Friday, May 7, 2010

Lurie Family Autism Center/LADDERS Program

Margaret Bauman, MD

Margaret Bauman, MD

A part of the Lurie Family Autism Center at Massachusetts General Hospital and the MassGeneral Hospital for Children, LADDERS (Learning and Developmental Disabilities Evaluation & Rehabilitation Services) is a multidisciplinary program designed to evaluate and treat children, adolescents and adults with a wide variety of handicapping conditions. The Lurie Family Autism Center/LADDERS provides expertise in neurology, developmental pediatrics medicine, gastroenterology, psychiatry, psycho-pharmacology, occupational therapy, physical therapy and speech language pathology. LADDERS is born out of a philosophy that developmentally handicapped persons deserve to be viewed as individuals, each with personal patterns of talents and challenges. We strongly believe each individual deserves the opportunity for careful evaluation as well as access to the quantity and quality of services needed to reach his or her full potential, regardless of economic, social or ethnic background.

1) Autism Consortium - LADDERS is part of a Boston wide program to look at the genotypes in autism. Children and families are referred for genetic analysis, blood samples are obtained and phenotypic descriptors obtained.

2) Autism Treatment Network (ATN) - LADDERS is the founding site for this nation-wide program that also includes one academic center in Canada (Toronto). The goal for the ATN is to obtain phenotypic data on large numbers of autistic children, ages 3-18 years and to address health care issues such as sleep disorders, gastrointestinal disturbances, metabolic disorders, and other medical issues. LADDERS is involved in GI studies and one metabolic study dealing with creatine deficiency.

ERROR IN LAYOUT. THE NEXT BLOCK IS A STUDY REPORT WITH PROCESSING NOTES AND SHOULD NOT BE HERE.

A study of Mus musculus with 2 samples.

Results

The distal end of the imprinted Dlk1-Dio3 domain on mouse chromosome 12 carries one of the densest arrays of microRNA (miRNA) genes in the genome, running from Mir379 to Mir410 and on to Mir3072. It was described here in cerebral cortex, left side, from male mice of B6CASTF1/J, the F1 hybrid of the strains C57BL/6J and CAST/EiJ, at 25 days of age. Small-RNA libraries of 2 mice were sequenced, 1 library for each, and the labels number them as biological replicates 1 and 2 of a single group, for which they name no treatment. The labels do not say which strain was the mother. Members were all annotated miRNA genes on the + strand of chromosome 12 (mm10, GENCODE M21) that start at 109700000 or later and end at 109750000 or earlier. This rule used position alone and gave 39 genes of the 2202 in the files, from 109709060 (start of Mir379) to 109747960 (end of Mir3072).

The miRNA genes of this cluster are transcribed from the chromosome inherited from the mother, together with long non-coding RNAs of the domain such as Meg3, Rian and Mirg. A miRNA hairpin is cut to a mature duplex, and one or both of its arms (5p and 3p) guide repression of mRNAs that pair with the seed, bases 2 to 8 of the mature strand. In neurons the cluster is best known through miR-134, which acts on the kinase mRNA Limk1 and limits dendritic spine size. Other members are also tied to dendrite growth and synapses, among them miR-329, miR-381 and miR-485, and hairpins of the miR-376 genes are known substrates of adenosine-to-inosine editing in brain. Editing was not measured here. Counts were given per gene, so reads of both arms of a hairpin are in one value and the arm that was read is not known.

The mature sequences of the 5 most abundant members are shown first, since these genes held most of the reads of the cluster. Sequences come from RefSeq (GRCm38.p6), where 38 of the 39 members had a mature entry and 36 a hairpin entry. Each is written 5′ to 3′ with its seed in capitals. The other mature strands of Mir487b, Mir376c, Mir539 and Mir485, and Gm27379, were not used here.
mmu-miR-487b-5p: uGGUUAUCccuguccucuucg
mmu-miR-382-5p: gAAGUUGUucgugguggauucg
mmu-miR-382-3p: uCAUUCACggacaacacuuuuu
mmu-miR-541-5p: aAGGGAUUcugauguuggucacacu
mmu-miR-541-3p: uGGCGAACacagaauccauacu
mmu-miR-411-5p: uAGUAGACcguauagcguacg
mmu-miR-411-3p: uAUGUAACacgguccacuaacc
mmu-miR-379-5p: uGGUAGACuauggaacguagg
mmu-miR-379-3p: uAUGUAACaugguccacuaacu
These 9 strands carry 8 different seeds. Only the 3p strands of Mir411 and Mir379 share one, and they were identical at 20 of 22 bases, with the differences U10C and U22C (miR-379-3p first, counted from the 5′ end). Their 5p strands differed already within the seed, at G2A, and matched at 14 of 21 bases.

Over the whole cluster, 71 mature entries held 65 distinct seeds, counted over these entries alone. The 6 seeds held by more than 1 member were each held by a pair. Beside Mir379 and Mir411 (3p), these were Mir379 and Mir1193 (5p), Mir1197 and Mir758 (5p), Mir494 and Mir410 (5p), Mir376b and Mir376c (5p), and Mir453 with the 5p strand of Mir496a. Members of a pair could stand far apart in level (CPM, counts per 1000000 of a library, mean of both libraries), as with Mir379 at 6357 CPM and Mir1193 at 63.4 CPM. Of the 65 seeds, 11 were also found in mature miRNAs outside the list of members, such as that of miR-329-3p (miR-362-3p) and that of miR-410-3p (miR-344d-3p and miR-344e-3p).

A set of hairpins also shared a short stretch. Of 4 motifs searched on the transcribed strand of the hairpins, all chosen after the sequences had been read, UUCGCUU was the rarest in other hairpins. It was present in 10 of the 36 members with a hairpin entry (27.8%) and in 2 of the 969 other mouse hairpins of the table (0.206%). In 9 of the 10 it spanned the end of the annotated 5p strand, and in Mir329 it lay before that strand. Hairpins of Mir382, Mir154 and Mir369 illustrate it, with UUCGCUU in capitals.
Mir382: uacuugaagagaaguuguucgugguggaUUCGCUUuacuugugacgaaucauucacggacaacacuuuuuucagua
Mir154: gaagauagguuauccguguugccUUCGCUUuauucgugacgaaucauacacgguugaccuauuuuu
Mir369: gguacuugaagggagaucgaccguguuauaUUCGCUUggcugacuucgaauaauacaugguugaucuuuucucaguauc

3) Dr. Ann Neumeyer is leading a study, under the auspices of the ATN, looking at bone density in ASD. There is a growing concern regarding osteoporosis in this group of children because they have self-restricted diets and because many families put their children on gluten and casein free diets which limits calcium intake. Some medications and chelation may also contribute.

4) LADDERS is also involved in a Baby Sibling study with colleagues at Johns Hopkins looking at early identification and outcomes of children at risk for ASD because they are younger siblings of already diagnosed children with ASD. Goal of the study is to identify clinical symptoms as early as possible so as to initiate effective interventions as soon as possible.

5) Studies that I discussed at Grand Rounds included four - now completed and published

a) Study done with Columbia in NYC - in collaboration with Ian Lipkin - looking at GI track tissue in ASD children and controls with regard to presence of measles virus. Results indicate that measles virus is not present in these samples - studied in three different labs.

Tim Buie and I are co-authors. First author is Mady Hornig.

b) Study looking at mitochondrial disorders in ASD - published in online journal December 2008. First author Weissman. Kay Murray and I are co-authors. Highlights clinical presentation of these children which may separate them out from those with "essential" autism. These children, by virtue of their diagnosis, are a genetically different subtype than other groups.

c) Study of the MET gene and its relationship to ASD. Published in Pediatrics in March 2009. First author Dan Campbell. Shows correlation between ASD and GI tract disorders in those positive for the MET gene. Those ASD children negative for the MET gene did not have GI disorders. Another genetic subgroup perhaps!

d) Supplement to Pediatrics - January 2010 - consensus papers (2) on GI tract issues in ASD. Tim Buie is first author on both.

6) Dr. Katherine Martein is studying physiologic measures using EEG in younger siblings of ASD children, looking at the presence of central coherence.

7) Dr. Martha Herbert and I are co-investigators on a DOD grant following mothers of ASD children through their pregnancy, the birth of their child and for 2-3 years thereafter. Looking for biomarkers that might be diagnostic of ASD before, at or just after birth.